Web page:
Time always flew in J.K. Rowling’s Wizarding World but it has lately seemed to catch up to the Potter pop cultural sensation. Those long lines outside bookstores are a long time ago now. The books stopped but the movies never did. The “Fantastic Beasts” prequels, now up to three with “The Secrets of Dumbledore,” have soldiered on, even if the fever surrounding Pottermania — at least among less diehard Muggles — has dissipated.
There’s always been a sense of dislocation about the “Fantastic Beasts” movies. The Potter films — boarding school movies with magic thrown in — swirled around life at Hogwarts. But where is the heart of “Fantastic Beasts”? The prequels have a foot in 1920s and ’30s New York, with world war storm clouds all around, but they flitter anxiously between fantasy realms far and wide.
Who even are our most central characters? “The Secrets of Dumbledore,” perhaps seeking its own clarity on the issue, pushes Jude Law’s wise wizard to the fore. We began these movies with Eddie Redmayne’s magizoologist Newt Scamander. Perhaps he was always meant to slide to the side, but, either way, I think Redmayne’s meek and mannered performance has made Newt less of a protagonist to hang a story on and more of a sentimental mascot alongside a troupe of characters — including the baker Jacob Kowalski (Dan Fogler, increasingly central) and the law-enforcing wizard Tina Goldstein (Katherine Waterston, more on the outs).
The villain, at least, has been steadfast — the character, anyway, if not the actor playing him. After two films with Johnny Depp in the role, Mads Mikkelsen takes over as the dark wizard Gellert Grindelwald, a onetime friend. Grindelwald’s rise has been the overarching drama to the “Fantastic Beasts,” an ominous series framed around the menacing power grab of a tyrant who, with echoes of fascism then and now, wants the magical world to rule over Muggles.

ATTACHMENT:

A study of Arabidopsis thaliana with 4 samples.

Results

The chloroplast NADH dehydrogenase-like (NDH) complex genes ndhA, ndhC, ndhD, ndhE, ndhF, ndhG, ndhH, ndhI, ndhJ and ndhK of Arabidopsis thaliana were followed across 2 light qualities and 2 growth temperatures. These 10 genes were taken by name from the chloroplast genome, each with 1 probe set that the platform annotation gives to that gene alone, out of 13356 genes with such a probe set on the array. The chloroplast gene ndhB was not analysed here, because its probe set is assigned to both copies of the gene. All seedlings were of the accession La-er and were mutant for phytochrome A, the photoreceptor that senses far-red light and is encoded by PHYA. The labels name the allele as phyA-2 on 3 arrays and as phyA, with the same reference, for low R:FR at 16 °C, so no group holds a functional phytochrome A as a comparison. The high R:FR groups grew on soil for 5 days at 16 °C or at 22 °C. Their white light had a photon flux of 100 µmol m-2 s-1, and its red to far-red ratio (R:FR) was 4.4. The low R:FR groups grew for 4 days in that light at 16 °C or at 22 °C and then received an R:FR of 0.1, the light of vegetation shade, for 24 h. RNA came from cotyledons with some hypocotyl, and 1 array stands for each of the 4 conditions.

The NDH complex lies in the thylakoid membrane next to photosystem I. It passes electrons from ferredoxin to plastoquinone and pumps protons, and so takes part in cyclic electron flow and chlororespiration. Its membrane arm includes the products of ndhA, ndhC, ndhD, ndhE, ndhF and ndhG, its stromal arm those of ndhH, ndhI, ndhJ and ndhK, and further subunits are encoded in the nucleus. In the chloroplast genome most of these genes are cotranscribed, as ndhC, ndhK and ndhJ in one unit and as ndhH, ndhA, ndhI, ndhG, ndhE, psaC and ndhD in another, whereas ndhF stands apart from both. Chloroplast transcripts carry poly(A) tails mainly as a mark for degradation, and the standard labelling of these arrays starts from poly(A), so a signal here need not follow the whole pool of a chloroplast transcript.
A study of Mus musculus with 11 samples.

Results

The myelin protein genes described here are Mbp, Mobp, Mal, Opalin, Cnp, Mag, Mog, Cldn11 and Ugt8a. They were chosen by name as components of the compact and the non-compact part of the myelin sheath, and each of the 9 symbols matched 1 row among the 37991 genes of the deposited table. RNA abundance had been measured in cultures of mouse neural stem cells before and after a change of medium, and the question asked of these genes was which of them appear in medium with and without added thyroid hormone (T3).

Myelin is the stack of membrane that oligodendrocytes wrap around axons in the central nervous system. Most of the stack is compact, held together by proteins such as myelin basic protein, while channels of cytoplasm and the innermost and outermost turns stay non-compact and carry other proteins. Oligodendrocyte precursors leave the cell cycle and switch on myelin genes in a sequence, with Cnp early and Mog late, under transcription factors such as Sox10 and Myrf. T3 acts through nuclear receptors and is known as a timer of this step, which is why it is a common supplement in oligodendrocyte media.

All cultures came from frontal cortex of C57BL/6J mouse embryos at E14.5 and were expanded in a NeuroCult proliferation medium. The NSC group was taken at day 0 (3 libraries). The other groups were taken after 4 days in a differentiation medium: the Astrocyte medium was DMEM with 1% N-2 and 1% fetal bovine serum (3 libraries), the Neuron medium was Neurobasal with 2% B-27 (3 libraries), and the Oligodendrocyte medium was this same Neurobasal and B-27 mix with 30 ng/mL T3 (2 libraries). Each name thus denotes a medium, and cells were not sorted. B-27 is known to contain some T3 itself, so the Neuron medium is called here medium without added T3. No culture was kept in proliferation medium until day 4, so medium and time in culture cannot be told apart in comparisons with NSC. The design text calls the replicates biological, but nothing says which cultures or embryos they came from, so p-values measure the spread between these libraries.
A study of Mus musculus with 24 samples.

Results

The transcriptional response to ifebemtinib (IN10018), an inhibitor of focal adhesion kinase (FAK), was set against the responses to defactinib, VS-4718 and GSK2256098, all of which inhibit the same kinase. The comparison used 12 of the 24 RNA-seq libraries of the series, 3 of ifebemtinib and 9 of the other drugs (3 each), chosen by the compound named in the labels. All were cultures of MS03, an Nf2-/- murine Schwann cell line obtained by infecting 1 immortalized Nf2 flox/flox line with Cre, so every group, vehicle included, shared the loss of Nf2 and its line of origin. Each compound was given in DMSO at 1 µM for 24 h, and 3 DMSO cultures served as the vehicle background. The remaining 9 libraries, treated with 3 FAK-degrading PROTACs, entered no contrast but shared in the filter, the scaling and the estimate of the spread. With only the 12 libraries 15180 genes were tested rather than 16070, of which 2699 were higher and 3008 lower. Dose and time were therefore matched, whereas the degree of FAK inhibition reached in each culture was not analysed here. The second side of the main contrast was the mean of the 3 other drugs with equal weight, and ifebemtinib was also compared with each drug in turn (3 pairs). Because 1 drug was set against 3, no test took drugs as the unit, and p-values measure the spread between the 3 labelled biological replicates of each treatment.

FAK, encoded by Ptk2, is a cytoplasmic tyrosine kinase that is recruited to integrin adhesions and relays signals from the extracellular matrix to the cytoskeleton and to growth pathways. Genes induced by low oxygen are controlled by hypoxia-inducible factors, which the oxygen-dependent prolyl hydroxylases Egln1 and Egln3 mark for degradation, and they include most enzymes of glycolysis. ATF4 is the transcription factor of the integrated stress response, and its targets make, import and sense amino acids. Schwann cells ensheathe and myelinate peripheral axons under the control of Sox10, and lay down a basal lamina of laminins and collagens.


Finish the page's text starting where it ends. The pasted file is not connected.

Where “Fantastic Beasts” may ultimately reside is in a prequel netherworld — never truly in Potter land but instead in some contrived next-door realm that, at times, seems to exist purely to capitalize on a potent patch of intellectual property. Despite a great deal of talent and craft, the purpose of these movies has never felt like much beyond keeping the Potter train running.
Maybe to help steer “Fantastic Beasts” back on course, this is the first franchise iteration with a script not credited entirely to Rowling. Alongside the author this time is Steve Kloves, who wrote or co-wrote all but one of the Potter movies. You could say that “The Secrets of Dumbledore,” directed by series regular Peter Yates, is comparably more straightforward than its predecessors. But over-complication has been the nature of these movies — big, teaming blockbusters designed to marry hefty CGI effects with even weightier political allegory.
“Dangerous times favor dangerous men,” intones Dumbledore.
It’s a good line, and “The Secrets of Dumbledore” doesn’t skimp on proclamations of good and evil. You can’t say that Yates’ movie isn’t trying — really trying — to conjure something substantial. It opens, compellingly, with a meeting between Dumbledore and Grindelwald. But their former bond doesn’t especially resonate — a problem considering that much of what follows is colored by their tragic disconnection. Mikkelsen is a powerhouse actor but here makes for a fairly bland presence.
There are pockets of feeling and missed chances for romance, too, among other characters — most notably Jacob and Queenie (Alison Sudol), who are largely separate from one another this time. But overall, a spark is missing. Some of the performers and scene add a lift. Jessica Williams brightens the movie whenever she’s in it. One kaleidoscopic showdown on a Berlin street could rival anything Marvel has produced.
But “The Secrets of Dumbledore,” lacking in much magic, is a bit of a bore. There are many differences between the Potter films and these but as I pondered what was missing among all the characters and creatures of this “Fantastic Beasts,” the question occurred to me: Where are the kids? Sure, these films could be intended for Potter readers who have grown into young adulthood, and more grown-up battles may have been a natural progression. But what fun is a world of wizards with only a bunch of grave, adult faces? A sense of wonder may have gone out the window, breaking a spell.